Mission and Goals
Report the Abuse (RTA) began operating on 19 August 2015, and one of its first acts was to open up a public, confidential, non-judgemental, and anonymous platform where humanitarian aid workers could express their experiences and knowledge about sexual violence incidents within the humanitarian community.
Donor agencies have played an essential role in addressing various problems plaguing the humanitarian community – fraud, corruption, concerns about the funding of terrorism, and, most recently, addressing the sexual exploitation and abuse of the population that humanitarian organisations are meant to aid. By asking questions of those they fund, donor agencies have brought about significant changes to the policies and procedures implemented by humanitarian organisations, contributing to the professionalism and transparency of humanitarian operations.
One of the questions frequently asked to Report the Abuse (RTA), and within the broader humanitarian community, is how we report and respond to incidents of sexual violence – as survivors1. Who do we report to when something goes wrong? What are our options? What do we do if we are being sexually harassed? How do we prove something has happened? Where can we go for help?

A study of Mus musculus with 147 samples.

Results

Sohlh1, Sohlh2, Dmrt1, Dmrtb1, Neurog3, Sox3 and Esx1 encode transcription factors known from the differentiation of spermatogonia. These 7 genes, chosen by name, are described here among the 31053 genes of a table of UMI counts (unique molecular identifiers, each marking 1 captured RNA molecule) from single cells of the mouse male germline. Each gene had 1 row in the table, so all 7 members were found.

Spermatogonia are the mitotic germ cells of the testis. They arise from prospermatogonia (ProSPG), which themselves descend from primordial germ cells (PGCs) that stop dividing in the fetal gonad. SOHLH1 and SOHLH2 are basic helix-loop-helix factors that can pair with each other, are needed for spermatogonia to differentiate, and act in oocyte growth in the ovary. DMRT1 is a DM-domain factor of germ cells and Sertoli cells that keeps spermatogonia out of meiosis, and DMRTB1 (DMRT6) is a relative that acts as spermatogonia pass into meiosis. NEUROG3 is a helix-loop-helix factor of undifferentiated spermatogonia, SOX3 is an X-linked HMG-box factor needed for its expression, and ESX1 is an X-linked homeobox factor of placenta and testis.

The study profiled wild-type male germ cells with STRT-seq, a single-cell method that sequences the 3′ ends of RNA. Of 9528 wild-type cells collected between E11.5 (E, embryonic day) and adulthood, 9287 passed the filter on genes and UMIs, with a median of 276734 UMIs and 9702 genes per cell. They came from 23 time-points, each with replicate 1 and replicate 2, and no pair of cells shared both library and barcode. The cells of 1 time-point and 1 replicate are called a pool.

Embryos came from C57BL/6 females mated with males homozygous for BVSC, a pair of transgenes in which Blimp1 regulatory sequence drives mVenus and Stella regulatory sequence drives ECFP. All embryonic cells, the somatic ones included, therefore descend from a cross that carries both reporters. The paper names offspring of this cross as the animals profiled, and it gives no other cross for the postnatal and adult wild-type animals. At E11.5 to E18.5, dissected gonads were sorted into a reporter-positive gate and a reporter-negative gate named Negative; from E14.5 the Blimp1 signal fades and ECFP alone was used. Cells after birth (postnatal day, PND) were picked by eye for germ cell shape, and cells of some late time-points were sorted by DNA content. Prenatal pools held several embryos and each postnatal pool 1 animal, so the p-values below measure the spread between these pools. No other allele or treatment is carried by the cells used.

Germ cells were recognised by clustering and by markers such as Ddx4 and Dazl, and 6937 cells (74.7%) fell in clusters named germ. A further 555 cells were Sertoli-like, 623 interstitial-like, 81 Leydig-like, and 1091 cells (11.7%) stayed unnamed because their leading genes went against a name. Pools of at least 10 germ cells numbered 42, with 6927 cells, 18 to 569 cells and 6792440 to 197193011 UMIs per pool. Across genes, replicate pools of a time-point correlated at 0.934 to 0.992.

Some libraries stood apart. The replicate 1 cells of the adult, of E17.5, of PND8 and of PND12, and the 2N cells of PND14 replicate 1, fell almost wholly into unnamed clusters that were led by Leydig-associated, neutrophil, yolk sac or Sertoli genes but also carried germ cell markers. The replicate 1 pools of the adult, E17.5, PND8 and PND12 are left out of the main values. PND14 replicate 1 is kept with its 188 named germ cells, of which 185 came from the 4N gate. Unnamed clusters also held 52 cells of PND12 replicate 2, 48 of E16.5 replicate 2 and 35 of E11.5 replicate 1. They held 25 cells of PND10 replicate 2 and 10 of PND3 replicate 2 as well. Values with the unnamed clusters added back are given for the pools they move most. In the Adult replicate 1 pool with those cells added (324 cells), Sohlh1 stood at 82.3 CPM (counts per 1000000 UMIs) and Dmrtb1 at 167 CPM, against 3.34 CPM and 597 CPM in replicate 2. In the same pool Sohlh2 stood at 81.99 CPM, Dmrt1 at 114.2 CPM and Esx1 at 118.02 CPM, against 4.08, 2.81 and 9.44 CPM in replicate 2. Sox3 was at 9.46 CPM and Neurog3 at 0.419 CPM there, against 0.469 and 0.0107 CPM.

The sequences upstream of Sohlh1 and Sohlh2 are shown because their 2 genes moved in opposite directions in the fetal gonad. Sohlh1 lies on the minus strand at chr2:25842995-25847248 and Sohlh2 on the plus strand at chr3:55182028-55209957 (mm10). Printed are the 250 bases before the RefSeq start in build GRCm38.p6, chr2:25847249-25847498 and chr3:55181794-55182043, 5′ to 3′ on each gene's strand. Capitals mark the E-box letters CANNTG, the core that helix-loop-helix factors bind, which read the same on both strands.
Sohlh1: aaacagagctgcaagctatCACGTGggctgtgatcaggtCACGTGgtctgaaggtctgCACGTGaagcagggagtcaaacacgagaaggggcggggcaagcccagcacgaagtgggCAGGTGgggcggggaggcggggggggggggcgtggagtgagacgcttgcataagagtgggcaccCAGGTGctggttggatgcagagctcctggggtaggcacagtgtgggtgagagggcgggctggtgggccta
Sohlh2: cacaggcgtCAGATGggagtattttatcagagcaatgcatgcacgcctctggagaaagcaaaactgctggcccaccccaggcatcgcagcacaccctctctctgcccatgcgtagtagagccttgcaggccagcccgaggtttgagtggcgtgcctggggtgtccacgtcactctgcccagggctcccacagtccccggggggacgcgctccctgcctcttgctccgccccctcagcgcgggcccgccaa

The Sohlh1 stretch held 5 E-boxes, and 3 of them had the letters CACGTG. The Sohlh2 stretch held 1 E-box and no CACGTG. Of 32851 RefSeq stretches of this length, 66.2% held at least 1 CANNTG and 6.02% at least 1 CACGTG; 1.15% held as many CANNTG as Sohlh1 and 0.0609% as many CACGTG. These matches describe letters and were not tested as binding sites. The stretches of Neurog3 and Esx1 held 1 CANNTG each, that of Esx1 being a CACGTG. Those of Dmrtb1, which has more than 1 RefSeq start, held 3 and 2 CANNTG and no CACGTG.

The need for this Guidance Note came out of many discussions around how we speak about sexual violence – within humanitarian organisations, across them, and at the global level – following the attack on Terrain Hotel in July 2016. While this was not the first time humanitarian aid workers have been sexually attacked on a large scale, it was unique as the brave survivors talked about their experiences publically.
There are many reasons humanitarian aid workers may become exposed to HIV and other diseases spread through bodily fluids, and sexual violence is just one of those reasons. When this does occur though, it is important to know what options might be available to survivors, as well as what humanitarian organisations can do to appropriately respond.
Duty of care is being increasingly discussed within the humanitarian community, and becoming an important area within risk management practice for organisation’s wishing to better address health, safety, and security issues for their staff. This is a welcomed move, with humanitarian action feeling progressively dangerous, and cases like Steve Dennis v. NRC underscoring the need to do better as a community.
Sexual violence – in and out of conflict settings – is a global phenomena. Current data suggests that 1 in 3 women will experience sexual violence in their lifetime. These survivors include humanitarian aid workers, who are experiencing sexual violence in the course of their work.
Sexual violence in the humanitarian context is not an emergent issue, but for the first time ever survivors are feeling more empowered to speak and their voices are being recognised.
Report the Abuse (RTA), the first global NGO to solely address sexual violence against humanitarian aid workers, has created the first good practices tool to assist humanitarian organisations in their efforts to improve how they address this problem.